Sen. Rand PaulRand PaulWe can put America first by preventing public health disasters Conservative activists want action from Trump McConnell: 'Big challenge' to pass ObamaCare repeal in Senate MORE (R-Ky.) said Monday that he’s far from finished as a presidential candidate.
While Paul has tumbled in the polls, he told CNN that he has no intention of taking up Donald TrumpDonald TrumpPence visits kangaroos at Sydney zoo on last leg of Asia-Pacific trip Trump dines out at his DC hotel Dems hunt for a win in Montana special election MORE’s suggestion that he suspend his campaign.
“We wouldn’t do all this if we were planning on dropping out,” Paul said, citing his campaign’s outreach in key voting states and on college campuses nationwide.
“I think we’ll be around just as long as Trump, if not longer,” the Kentucky lawmaker added.
Paul then argued that Trump, who is leading the polls, is not a suitable choice for the Republican presidential coronation in 2016.
“How can anyone in my party think this clown is fit to be president?” he asked Camerota. “How did we get the race for the most important office in the free world to sink to such low depths?”
Paul said the White House race is crucial given Washington’s dysfunction.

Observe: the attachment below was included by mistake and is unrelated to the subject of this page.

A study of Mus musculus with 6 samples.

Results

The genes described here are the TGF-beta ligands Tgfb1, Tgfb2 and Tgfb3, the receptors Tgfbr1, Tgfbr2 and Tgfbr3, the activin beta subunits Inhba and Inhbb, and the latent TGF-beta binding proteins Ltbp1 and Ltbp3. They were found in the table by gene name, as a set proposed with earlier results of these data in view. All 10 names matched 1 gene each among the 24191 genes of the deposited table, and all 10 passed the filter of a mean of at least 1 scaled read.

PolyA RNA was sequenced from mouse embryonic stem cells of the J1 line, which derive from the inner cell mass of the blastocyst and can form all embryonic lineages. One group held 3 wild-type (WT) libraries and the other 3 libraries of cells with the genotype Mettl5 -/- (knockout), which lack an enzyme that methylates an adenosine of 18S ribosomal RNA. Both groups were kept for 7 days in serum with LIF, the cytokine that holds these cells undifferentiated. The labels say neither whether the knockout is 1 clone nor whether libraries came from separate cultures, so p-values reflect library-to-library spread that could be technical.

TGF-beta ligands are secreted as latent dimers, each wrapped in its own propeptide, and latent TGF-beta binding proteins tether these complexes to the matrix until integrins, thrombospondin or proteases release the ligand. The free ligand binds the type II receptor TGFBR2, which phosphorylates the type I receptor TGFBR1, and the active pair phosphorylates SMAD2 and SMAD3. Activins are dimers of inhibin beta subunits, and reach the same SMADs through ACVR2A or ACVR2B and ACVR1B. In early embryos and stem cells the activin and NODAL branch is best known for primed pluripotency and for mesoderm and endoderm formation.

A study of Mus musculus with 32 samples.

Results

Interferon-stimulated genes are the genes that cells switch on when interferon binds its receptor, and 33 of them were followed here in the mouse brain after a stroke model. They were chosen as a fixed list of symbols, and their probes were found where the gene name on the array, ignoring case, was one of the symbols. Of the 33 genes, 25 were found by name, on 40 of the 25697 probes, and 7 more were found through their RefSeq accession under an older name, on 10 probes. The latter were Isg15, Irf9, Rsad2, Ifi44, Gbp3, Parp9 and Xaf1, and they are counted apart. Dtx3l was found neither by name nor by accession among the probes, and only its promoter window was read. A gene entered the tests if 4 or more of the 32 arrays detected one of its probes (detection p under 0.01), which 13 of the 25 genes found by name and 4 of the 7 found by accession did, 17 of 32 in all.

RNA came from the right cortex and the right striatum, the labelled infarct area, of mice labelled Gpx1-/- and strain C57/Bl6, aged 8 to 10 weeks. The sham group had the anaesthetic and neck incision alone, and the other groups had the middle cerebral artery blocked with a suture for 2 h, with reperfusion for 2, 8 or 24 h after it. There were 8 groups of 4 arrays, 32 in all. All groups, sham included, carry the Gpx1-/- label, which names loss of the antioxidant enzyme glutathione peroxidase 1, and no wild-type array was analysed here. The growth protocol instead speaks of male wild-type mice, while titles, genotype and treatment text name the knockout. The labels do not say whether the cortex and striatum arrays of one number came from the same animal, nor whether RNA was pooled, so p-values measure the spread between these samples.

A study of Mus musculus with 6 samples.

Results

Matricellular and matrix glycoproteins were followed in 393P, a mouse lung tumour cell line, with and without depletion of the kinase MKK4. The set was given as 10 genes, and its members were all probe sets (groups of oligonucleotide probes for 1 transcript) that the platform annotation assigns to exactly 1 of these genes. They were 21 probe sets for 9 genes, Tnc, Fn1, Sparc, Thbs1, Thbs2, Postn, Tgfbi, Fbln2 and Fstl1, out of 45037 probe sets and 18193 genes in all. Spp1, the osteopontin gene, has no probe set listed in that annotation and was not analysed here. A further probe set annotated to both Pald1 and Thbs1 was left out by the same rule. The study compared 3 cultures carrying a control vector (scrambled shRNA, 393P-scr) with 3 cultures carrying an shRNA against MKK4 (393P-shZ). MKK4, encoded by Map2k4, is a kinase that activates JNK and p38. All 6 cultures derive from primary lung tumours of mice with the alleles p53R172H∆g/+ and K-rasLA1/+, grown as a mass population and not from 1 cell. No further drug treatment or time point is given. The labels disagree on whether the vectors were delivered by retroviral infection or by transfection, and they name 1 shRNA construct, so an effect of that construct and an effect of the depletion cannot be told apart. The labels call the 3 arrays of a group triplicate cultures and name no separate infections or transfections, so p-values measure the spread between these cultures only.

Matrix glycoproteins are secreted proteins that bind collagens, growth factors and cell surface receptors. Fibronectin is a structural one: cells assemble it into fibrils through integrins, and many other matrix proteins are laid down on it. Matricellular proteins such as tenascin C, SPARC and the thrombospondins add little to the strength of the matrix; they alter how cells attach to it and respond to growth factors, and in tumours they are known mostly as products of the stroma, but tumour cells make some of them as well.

“The problem in Washington is that there is an unholy alliance between left and right,” he said. “They’re both bankrupting the country.”
He said he was surprised by Speaker John BoehnerJohn BoehnerLobbyists bounce back under Trump Business groups silent on Trump's Ex-Im nominee Chaffetz won't run for reelection MORE’s (R-Ohio) decision to resign last week.
“I was a little surprised,” he said of Boehner’s exit, which will come on Oct. 30. “[But] I see the frustration from the conservative grassroots.
“The people who elected us are frustrated that we’re not able to do anything with it,” Paul adding, citing Congress’s power of the purse over President Obama.
Paul’s remarks come as he struggles for voter support during one of the most crowded GOP presidential primaries in recent memory. He currently ranks tenth out of 15 candidates with 2.4 percent, according the latest RealClearPolitics polling average.